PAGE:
Effects of Covid-19 restrictions on Northern Ireland air quality revealed

We might have expected fewer flights and less road traffic to have improved air quality in Northern Ireland during lockdown. However, a DAERA-commissioned study has revealed the complicated picture of what makes up the air we breathe.

Significant reductions in the emissions of particulate matter were detected during lockdown – largely attributed to fewer cars on the road.

However, experts have explained why local air quality did improve as much as many might have expected.

Air quality wins

Reductions in nitrogen oxide (NOx) emissions were seen right across Northern Ireland, with even several of the region’s busiest sticking points for traffic reporting almost non-existent levels of pollution during lockdown.

Between lockdown beginning on March 23 and June 30, NOx concentrations were found to have fallen between 41% to 67% across each of the traffic monitoring sites in Northern Ireland.

Image source: DAERA

By plotting the cumulative sum (cusum) of the reduction in emissions measured during lockdown compared to ‘Business As Usual’ researchers were able to build a clearer indication of the changes. Most of the lines start to slope downwards around the start of lockdown.

The biggest difference was seen in Newry Canal Street, followed by Downpatrick and the notorious bottleneck Stockman’s Lane, Belfast.

With road vehicles usually accounting for 30% of Northern Ireland’s total NOx emissions, the lockdown restrictions are estimated to have resulted in a short-term reduction of 20% in the region’s overall emitted NOx during the first few weeks of lockdown.

While cars have returned to the roads, the study found there was some evidence of a longer-term reduction in traffic count. At most of the 14 traffic count locations, traffic counts had still not returned to pre-lockdown levels by the start of July.

The report explained that reducing pollution from road transport is particularly significant in reducing health impacts – unlike emissions from most industrial sources, vehicle emissions are produced near ground level, often in urban areas where people are present.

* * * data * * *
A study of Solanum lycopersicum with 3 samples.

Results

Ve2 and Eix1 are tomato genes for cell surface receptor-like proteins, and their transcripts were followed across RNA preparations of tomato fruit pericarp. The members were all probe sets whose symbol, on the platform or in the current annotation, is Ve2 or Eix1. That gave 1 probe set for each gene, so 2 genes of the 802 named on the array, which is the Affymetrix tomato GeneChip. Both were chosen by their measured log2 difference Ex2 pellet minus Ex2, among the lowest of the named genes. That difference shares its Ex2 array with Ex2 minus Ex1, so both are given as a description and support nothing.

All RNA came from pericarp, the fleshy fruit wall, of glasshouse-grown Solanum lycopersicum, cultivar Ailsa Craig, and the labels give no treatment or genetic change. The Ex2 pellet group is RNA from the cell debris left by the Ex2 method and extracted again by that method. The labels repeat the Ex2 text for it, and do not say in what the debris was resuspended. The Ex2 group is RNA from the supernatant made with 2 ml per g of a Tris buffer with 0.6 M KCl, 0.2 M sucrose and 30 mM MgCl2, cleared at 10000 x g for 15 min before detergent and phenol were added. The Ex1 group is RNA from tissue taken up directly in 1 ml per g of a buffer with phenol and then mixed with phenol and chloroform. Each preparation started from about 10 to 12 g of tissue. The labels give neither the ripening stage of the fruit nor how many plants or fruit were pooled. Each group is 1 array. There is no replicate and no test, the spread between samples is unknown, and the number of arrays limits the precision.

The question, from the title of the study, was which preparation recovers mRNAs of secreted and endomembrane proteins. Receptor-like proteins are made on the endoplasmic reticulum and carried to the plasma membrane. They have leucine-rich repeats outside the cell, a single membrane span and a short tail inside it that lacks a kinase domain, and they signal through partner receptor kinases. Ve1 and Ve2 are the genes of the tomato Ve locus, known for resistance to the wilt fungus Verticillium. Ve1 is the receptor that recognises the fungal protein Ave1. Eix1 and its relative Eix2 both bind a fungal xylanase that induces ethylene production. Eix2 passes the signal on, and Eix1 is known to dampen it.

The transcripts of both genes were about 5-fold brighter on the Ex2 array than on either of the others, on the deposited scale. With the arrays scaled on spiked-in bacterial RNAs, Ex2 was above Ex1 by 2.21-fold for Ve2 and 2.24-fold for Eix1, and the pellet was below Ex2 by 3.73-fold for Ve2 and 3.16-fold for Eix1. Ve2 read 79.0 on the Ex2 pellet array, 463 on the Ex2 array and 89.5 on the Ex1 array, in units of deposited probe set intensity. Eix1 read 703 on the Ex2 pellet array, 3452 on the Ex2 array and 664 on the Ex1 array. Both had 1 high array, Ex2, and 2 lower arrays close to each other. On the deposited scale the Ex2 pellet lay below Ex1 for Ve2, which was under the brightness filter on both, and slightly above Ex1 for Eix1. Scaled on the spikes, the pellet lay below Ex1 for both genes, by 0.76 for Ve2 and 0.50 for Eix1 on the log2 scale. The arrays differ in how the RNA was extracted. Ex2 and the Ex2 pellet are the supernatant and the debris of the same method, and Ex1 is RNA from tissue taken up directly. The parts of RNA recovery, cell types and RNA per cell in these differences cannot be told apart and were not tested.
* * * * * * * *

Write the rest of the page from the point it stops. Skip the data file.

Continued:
A complicated picture

Non-road transport – such as flights and rail services – also showed dramatic decreases during the lockdown period. However, researchers explained the resulting improvements in air quality were too difficult to quantify.


However, spikes in poorer air quality were found to coincide with air currents from the east in April, May and June, meaning that while overall emissions did fall, the result was not as large as could have been expected.

“During the lockdown period, particularly in April and early May, the weather changed and air masses arriving at Belfast Centre were much more influenced by easterly (continental origin) winds. These are likely to have brought more polluted air to the [test] site,” the report read.

Other factors highlighted included more reports of domestic waste burning and greater home heating use.

Two of the four sites that monitored black carbon showed some evidence of a decrease during the lockdown period. Black carbon in air is directly linked to emissions from combustion processes in transport, domestic heating or industry, and from waste burning or wildfires.

Conversely, there was no clear pattern of concentration change in the case of sulfur dioxide (SO2), with some monitoring sites showing an increase and some showing a decrease. However, the report explained concentrations of this pollutant are already very low, creating some challenges for measurement.